Community arts organisations are at the heart of the response to the Covid-19 crisis, but their spaces are threatened by arguments that focus on the economic value of the arts. It’s time we started measuring social value, says Zain Dada.
Last autumn the community of South Kilburn in the London Borough of Brent packed out the Granville Centre for an evening of poetry and film organised by the Granville Community Kitchen. It included the launch screening of Granville, For Us, By Us, a new documentary by local film-maker Dhelia Snoussi, which was created as part of an intense local campaign fighting for the survival of two 100-year-old community spaces – the Granville and Carlton Centres
The Granville Centre was built in the 1880s, originally as a Presbyterian hall before serving the South Kilburn community as a wedding hall, music venue, event space and much, much more. Next door, the Carlton Centre, currently occupied by another local group, Rumi’s Cave, have hosted regular spoken word nights, talks and film screenings in the area for several years.
Despite both spaces being key, historic community hubs, they are set to be replaced by a new housing and commercial development. And the irony is, they could both disappear in the same year as Brent’s Borough of Culture.
Community arts need homes
South Kilburn was recently described by the Evening Standard as the “rotten core of an apple”, so the City Hall’s Borough of Culture Award, awarded to Brent in 2018, heralded a much needed cash injection of £1.35m funding to support ‘culture for everyone’ in the area. Based at the Granville Centre, the Brent 2020 team have worked tirelessly to deliver a range of diverse programming, which began in January 2020 before the Covid-19 global pandemic caused cancellations. Inevitably, as with other venues and public programming, some of this will shift to 2021.
Whilst the programme for Brent 2020 is supporting artists and organisations in Brent, the futures of both the Granville and the Carlton Centre is less clear. Both spaces are locked in a battle with Brent Council who are set to reduce community space significantly to accommodate 18 flats and an enterprise hub. This new scheme doubles down on a prior attempt by the Council in 2016 to demolish the Granville Centre and replace it with unaffordable housing in 2016, which faced widespread resistance from local activists and author (and ambassador for Brent 2020) Zadie Smith.
So the question is, how successful can an effort to boost community arts across London be if the public spaces which have hosted cultural activity for generations disappear?
The story of Granville and many other community centres like it across the country, is a story of space and survival. As local authorities across the UK should be looking at long-term, sustainable solutions in a post-Brexit, post-Covid-19 world, my research into the future of community arts organisations in the United States – where the community arts sector has many parallels with the UK – shows what those solutions could be.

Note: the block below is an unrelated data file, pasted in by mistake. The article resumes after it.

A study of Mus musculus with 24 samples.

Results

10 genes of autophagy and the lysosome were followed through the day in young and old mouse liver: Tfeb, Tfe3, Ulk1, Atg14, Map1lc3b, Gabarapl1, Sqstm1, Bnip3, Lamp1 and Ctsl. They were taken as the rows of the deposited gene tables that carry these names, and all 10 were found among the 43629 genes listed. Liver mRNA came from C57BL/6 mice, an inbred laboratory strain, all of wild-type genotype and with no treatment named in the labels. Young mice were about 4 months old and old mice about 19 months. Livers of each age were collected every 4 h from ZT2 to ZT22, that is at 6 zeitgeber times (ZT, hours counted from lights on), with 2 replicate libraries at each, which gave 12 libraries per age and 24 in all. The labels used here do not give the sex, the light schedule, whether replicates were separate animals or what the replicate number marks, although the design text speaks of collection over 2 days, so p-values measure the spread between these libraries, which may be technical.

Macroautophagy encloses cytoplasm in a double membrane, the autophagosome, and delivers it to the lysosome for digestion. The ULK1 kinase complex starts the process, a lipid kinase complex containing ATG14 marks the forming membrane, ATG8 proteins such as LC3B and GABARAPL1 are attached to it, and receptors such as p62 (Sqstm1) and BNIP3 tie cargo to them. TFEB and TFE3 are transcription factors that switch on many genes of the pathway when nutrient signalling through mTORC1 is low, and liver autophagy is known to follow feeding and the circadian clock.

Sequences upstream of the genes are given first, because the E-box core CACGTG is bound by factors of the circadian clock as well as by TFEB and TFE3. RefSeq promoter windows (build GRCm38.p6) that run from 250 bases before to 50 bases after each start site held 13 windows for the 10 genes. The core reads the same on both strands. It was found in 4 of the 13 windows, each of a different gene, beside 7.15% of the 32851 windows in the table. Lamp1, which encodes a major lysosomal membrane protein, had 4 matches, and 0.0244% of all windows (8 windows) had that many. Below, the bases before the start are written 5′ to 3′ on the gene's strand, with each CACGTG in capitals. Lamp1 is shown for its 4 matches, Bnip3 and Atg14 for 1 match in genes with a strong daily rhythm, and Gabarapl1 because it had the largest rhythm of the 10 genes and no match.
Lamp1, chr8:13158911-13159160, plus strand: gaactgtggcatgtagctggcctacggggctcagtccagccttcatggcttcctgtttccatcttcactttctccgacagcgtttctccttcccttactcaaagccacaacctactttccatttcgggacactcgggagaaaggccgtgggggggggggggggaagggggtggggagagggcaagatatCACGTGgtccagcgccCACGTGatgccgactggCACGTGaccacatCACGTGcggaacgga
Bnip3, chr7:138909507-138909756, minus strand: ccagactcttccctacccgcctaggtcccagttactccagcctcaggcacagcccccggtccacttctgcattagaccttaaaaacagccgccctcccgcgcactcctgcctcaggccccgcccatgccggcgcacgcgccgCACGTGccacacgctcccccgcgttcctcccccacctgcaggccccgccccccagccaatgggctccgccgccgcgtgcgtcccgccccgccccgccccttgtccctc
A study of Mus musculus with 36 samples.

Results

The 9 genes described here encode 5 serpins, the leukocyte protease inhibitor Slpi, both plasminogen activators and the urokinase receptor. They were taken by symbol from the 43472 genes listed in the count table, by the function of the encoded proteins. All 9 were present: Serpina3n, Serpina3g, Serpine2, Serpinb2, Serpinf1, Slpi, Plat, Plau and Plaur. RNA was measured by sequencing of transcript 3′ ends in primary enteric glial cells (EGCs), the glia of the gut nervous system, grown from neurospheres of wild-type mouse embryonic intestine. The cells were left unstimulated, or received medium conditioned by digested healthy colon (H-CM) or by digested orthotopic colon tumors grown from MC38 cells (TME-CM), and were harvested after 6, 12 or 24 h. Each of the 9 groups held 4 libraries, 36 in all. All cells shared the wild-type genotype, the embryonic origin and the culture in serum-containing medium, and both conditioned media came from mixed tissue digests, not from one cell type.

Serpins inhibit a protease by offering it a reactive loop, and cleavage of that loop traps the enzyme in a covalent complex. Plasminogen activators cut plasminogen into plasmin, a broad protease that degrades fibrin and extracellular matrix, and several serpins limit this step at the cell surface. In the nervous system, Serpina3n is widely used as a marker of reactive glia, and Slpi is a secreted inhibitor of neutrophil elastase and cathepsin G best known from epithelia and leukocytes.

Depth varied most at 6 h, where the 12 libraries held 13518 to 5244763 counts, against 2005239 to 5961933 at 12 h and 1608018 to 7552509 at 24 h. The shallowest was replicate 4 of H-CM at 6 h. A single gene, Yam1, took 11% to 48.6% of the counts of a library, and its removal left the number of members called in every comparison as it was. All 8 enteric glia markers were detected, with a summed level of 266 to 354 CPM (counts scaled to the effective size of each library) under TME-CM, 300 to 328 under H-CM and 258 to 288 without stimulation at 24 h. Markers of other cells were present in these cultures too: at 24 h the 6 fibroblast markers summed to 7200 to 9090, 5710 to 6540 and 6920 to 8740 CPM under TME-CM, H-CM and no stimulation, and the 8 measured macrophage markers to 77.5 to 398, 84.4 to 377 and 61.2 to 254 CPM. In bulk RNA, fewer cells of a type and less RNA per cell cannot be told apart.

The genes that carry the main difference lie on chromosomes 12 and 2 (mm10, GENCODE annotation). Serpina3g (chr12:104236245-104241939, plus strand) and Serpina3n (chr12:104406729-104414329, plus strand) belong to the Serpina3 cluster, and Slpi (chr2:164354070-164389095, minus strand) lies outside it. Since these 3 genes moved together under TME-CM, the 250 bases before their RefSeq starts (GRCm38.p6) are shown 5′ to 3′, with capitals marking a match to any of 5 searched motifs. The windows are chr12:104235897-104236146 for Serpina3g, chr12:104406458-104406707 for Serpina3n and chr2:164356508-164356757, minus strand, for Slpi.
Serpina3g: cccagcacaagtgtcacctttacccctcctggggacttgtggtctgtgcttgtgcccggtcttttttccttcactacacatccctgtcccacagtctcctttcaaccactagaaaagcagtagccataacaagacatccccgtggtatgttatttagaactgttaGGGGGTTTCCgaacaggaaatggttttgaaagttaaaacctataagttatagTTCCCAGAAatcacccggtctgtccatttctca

A valuable insight comes from, Mapping Oakland, a research project which examined community arts organisations in Oakland, California, ranging from informal arts hubs and art spaces to collectives. It was based on interviews with locals and focused on organisations with annual budgets of $250K or less. Mapping local arts and culture activity requires a thorough methodology and an understanding of the race and class dynamics which define who has the social capital and resource to sustain or grow their organisations. Crucially, it provides an insight into which organisations are essential local hubs, what barriers might exist and where opportunities to up-skill might be. Without a process of mapping, many local organisations are rendered invisible and struggle with the burden of maintaining themselves through the unpaid labour of local volunteers.
An actionable approach to giving practical support to community arts organisations needs to follow. In San Francisco, the Community Arts Stabilisation Trust (CAST) works toward addressing astronomical market rates for space by stabilising or freezing rent for long-serving, local community arts organisations. CAST’s modus operandi also involves purchasing leases using tax credits for community arts organisations in the area, as well as boosting the financial acumen of those organisations.
In February 2019, City Hall initiated the Creative Land Trust which models itself on CAST and is a step in the right direction. However, the Creative Land Trust prioritises ‘affordable workspace’ and ‘artist studios.’ That approach needs extending to include historic community centres, youth centres and informal hubs which are often the glue for socially divided communities.
Attitudes toward the value of public spaces need to shift. Language around ‘economic growth’ and the arts is rife. It can be a politically expedient response to argue for more funding from central government. However, the economic argument can also provide justification for local councils to propose that public and cultural spaces should be demolished under the guise of being ‘under-used.’ What we require is a measurement for ‘social value’ which enshrines an evaluation of historic presence and the social need for public spaces which incubate and grow so many essential community arts endeavours we value today.
As for the Granville Community Kitchen, in the midst of our unprecedented global crisis, volunteers have been busy prepping aid packages to vulnerable people in Brent. Like many other community organisations across the country, frontline welfare work and arts and culture are at the heart of their existence.
This article is based on the research report ‘Space, Survival and Sustainability: The Future of Community Arts’ published by Winston Churchill Memorial Trust.